Former Bellator lightweight champion Eddie Alvarez celebrates with his patented back flip after knocking out rival Shinya Aoki in the main event of Bellator 66 last night. Photo via Bellator.
Bellator 66 continued the Bellator Fighting Championship's sixth season last night (April 20, 2012) from the IX Center in Cleveland, Ohio. It was a night full of violence, comebacks and upsets.
And former Bellator lightweight champion Eddie Alvarez may have had the showstopper. The Philadelphia, Pa., slugger battled Japanese grappling ace Shinya Aoki in a rematch that dated back to New Year's Eve 2008 in Saitama, Japan.
Aoki was victorious way back then, but not this time. Not even close.
After deciding to stand and trade over the first two minutes, Aoki failed to connect with anything particularly powerful. But, after a pair of short inside uppercuts landed and dropped the tapout artist, it was the beginning of the end.
Alvarez cautiously threw some nice strikes from a distance once the fight went to the ground, but quickly followed up and swarmed Aoki the second he realized he was hurt, forcing both the referee and Aoki's corner to intervene. To check out a full fight recap of Eddie Alvarez vs. Shinya Aoki click here. And to see the .gif of the the first round finish click here.
There was a ton of other great mixed martial arts (MMA) action from the main card posted after the jump:
Cleveland fan-favorite Brian Rogers nearly brought the house down during his introduction and came within inches of finishing his Bellator Middleweight fight against Andreas Spang on a variety of occasions, but his failure to score the stoppage came back to bite him in the second round.
Rogers was putting a beating on Spang in round two, but his hands were dropping over and over and Spang's counter left hook was finding a home nearly every time it was thrown in retaliation to the Rogers flurries.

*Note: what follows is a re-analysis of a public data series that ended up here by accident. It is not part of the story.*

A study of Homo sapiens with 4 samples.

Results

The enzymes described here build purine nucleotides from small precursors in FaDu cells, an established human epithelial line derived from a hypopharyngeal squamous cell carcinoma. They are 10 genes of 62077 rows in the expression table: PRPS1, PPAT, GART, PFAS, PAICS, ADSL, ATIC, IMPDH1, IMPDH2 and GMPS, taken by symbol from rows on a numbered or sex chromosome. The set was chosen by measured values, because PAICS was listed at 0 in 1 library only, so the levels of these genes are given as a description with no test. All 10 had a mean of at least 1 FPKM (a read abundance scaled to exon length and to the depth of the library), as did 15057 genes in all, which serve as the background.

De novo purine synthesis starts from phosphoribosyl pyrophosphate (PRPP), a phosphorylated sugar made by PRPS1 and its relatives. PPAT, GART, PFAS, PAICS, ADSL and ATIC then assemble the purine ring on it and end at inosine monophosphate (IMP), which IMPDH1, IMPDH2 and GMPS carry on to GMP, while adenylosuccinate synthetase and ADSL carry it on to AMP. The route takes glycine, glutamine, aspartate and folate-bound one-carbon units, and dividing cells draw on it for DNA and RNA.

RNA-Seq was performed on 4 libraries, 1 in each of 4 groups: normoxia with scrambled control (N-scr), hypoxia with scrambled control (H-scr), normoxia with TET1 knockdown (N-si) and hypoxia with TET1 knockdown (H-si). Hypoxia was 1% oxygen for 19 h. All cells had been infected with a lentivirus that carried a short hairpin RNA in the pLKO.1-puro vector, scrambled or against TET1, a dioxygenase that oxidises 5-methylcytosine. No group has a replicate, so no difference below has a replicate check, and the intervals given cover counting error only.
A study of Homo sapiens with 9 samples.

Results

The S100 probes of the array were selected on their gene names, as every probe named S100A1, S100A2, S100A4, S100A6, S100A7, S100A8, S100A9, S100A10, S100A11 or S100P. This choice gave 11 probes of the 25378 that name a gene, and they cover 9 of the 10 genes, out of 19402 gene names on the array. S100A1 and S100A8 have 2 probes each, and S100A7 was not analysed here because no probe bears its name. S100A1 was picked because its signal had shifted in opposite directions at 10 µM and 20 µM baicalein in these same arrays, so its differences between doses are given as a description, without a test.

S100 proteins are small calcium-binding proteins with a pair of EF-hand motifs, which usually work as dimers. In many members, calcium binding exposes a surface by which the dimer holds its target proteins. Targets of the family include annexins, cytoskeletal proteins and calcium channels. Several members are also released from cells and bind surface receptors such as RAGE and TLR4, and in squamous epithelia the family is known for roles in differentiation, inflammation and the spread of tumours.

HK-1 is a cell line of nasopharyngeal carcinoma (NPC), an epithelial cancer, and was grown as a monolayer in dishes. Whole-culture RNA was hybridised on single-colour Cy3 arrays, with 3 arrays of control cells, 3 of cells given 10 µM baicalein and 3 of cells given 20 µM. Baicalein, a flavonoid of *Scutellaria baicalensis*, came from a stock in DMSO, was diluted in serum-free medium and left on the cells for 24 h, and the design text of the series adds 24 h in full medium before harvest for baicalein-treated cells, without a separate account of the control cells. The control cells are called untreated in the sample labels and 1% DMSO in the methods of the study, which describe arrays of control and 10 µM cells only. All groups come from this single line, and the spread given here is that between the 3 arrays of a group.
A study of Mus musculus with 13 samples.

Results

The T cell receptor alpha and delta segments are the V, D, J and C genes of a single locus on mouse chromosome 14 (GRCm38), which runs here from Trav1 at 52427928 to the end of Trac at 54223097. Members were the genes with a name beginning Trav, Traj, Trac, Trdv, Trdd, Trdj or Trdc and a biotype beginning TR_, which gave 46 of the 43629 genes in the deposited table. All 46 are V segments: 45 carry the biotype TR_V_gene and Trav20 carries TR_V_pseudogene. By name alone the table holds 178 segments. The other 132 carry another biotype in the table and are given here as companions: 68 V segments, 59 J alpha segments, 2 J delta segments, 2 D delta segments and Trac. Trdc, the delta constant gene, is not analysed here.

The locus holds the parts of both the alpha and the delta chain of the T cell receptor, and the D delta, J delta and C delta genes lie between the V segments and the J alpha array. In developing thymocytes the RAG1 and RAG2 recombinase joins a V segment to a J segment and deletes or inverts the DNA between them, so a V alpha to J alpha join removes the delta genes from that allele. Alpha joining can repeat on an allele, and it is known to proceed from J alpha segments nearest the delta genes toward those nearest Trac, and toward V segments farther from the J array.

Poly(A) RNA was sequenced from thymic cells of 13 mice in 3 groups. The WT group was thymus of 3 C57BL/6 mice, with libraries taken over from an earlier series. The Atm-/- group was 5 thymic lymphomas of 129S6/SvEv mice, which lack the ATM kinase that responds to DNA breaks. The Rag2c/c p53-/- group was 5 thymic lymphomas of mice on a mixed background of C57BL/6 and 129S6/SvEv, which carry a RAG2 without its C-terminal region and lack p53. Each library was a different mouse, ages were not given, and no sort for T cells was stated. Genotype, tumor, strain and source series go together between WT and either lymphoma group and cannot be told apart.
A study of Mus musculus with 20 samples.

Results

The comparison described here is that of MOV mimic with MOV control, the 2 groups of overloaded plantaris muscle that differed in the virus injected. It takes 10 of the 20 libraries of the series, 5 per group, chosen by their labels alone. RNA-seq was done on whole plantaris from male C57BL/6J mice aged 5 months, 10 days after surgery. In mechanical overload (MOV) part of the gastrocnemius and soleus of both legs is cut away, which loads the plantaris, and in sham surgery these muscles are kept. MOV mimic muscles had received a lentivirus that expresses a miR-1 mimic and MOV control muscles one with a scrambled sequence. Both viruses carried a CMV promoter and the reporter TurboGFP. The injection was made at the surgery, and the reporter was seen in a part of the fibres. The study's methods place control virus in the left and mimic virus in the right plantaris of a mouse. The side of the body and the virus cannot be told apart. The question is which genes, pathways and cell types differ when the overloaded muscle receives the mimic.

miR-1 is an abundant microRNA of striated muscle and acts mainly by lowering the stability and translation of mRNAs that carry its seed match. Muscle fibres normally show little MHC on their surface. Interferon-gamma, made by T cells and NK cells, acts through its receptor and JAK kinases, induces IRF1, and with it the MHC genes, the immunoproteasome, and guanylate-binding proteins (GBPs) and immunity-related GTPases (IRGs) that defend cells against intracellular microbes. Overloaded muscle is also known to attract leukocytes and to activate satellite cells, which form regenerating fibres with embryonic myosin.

Eventually, Spang caught Rogers with a beautiful left hand again, which dropped "The Predator" and a follow-up strike on the canvas put him down for the count.
In other middleweight action, Russian "Slava" Vasilevsky took on the combustible Brazilian Maiquel Falcao in a very intriguing contest.
Vasilvesky came out strong, taking Falcao down repeatedly after a stalemate in the stand-up and really forcing the Brazilian to play defense. He did more of the same early in the second round, but Falcao responded with a takedown of his own followed by some actual ground and pound, something Vasilevsky didn't do much at all.
In the third round, Falcao came out with a sense of urgency and nearly knocked Vasilevsky's head off with a huge flurry of strikes which put the Russian on queer street. Vasilvsky wisely used his grappling skills to survive, but they only kept him going, they didn't actually win the bout for him.
In the end, the second round was the swing round, and the judges decided unanimously with Falcao.
Woodard came out looking to slug his big power strikes, but Hawn stifled him, frustrating the Montanan with some strong clinch attacks, some stalling and even a few brief takedowns.
When the second round began, Woodard came forward way too aggressively and walked right into a huge counter right hand from Hawn which dropped the mustached mauler. Some quick ground and pound from the now former-Olympian was enough to punch "Genghis'" ticket to the finals.
Lastly, soon-to-be-father Brent Weedman took on Brazil's Thiago Michel in a hotly contest bout which featured some impressive ground work on Weedman's behalf.
Weedman held his own in the first two rounds of striking, but it was his grappling which saved the day for the Kentucky native. He took down Michel on myriad occasions and was able to repeatedly land in side control, which just so happens to be his strongest position.
Michel fought back in the third two win the round, but he was too little too late to make a difference after dropping two rounds earlier on in the night and Weedman was awarded a split decision victory to advance to the finals.
The finals match ups are: Andreas Spang vs. Maiquel Falcao at middleweight and Brent Weedman vs. Rick Hawn at lightweight. Spang and Falcao got into it in the announcement staredown, although Weedman and Hawn were much better behaved.
So what did you think, Maniacs?
How much did Alvarez raise his stock with his victory last night over Shinya Aoki? Should Aoki's corner have thrown in the towel so quickly? Who do you believe will win each tournament when it is all said and done?